Title: Pandora’s Box
Release Date: January 30, 1929
Director: G. W. Pabst
Production Company: Süd-Film
This German film is deeply weird and severely misogynist. American actress Louise Brooks plays Lulu, a young woman who is passionate and sexually confident and of whom the film tells us is “thoughtless.” But really it’s a morality play that would have us believe that a woman with an independent streak will bring everyone around her to ruin.
Brooks is a captivating actor and without someone of her capability in the role, I don’t think this movie would be worth watching. She’s a great silent film star because she can say so much with her face. I found myself pondering for a long time who she reminded me of, and then finally I hit upon Phoebe Waller-Bridge in Fleabag who also conveys so much with a look.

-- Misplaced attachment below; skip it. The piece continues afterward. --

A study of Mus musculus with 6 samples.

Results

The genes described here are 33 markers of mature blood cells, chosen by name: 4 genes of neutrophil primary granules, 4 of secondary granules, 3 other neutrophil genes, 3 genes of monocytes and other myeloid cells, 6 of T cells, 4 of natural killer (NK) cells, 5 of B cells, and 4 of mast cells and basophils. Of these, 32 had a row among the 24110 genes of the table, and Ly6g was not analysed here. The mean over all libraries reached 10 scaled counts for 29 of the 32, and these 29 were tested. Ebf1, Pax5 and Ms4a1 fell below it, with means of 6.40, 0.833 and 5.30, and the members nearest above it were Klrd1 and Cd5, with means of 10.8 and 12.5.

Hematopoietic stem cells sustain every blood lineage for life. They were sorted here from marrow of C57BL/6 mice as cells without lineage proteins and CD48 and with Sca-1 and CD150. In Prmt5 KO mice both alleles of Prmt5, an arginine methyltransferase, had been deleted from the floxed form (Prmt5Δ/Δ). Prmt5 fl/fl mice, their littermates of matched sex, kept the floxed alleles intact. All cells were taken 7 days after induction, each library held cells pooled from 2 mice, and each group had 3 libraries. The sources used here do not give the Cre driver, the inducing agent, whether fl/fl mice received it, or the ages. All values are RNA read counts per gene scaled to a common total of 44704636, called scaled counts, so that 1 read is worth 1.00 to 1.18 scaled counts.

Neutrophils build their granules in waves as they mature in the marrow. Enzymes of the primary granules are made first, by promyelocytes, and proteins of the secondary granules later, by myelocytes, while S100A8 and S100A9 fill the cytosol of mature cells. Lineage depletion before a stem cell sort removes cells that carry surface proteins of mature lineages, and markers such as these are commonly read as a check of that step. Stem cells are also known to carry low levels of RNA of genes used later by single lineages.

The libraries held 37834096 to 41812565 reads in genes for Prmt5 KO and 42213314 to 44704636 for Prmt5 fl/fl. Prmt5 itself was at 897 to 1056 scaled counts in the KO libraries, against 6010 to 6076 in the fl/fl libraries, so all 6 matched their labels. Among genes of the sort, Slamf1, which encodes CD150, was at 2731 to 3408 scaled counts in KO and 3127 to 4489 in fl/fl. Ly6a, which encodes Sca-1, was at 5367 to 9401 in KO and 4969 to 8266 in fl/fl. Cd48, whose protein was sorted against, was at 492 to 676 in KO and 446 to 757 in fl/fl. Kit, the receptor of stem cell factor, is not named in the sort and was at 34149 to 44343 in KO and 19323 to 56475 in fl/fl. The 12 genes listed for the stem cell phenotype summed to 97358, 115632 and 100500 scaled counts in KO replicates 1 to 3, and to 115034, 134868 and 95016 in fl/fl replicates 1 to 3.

The story, for what it’s worth, has kind of a perils of Lulu plot as each scene leads to another level of degradation. Lulu goes from a mistress to a stage performer to marrying her reluctant lover to an accused murderer to a fugitive in an illegal gambling den to prostitution to a victim of Jack the Ripper. There are some interesting scenes, particularly during the backstage scenes of her variety show, where performers go on and off the stage entering and leaving Lulu’s drama in the backstage. This movie also broke ground with a prominent lesbian character, Countess Augusta Geschwitz (Alice Roberts), who helps Lulu escape imprisonment.
The movie is kind of bland melodrama and I can’t really recommend watching other than for film history research.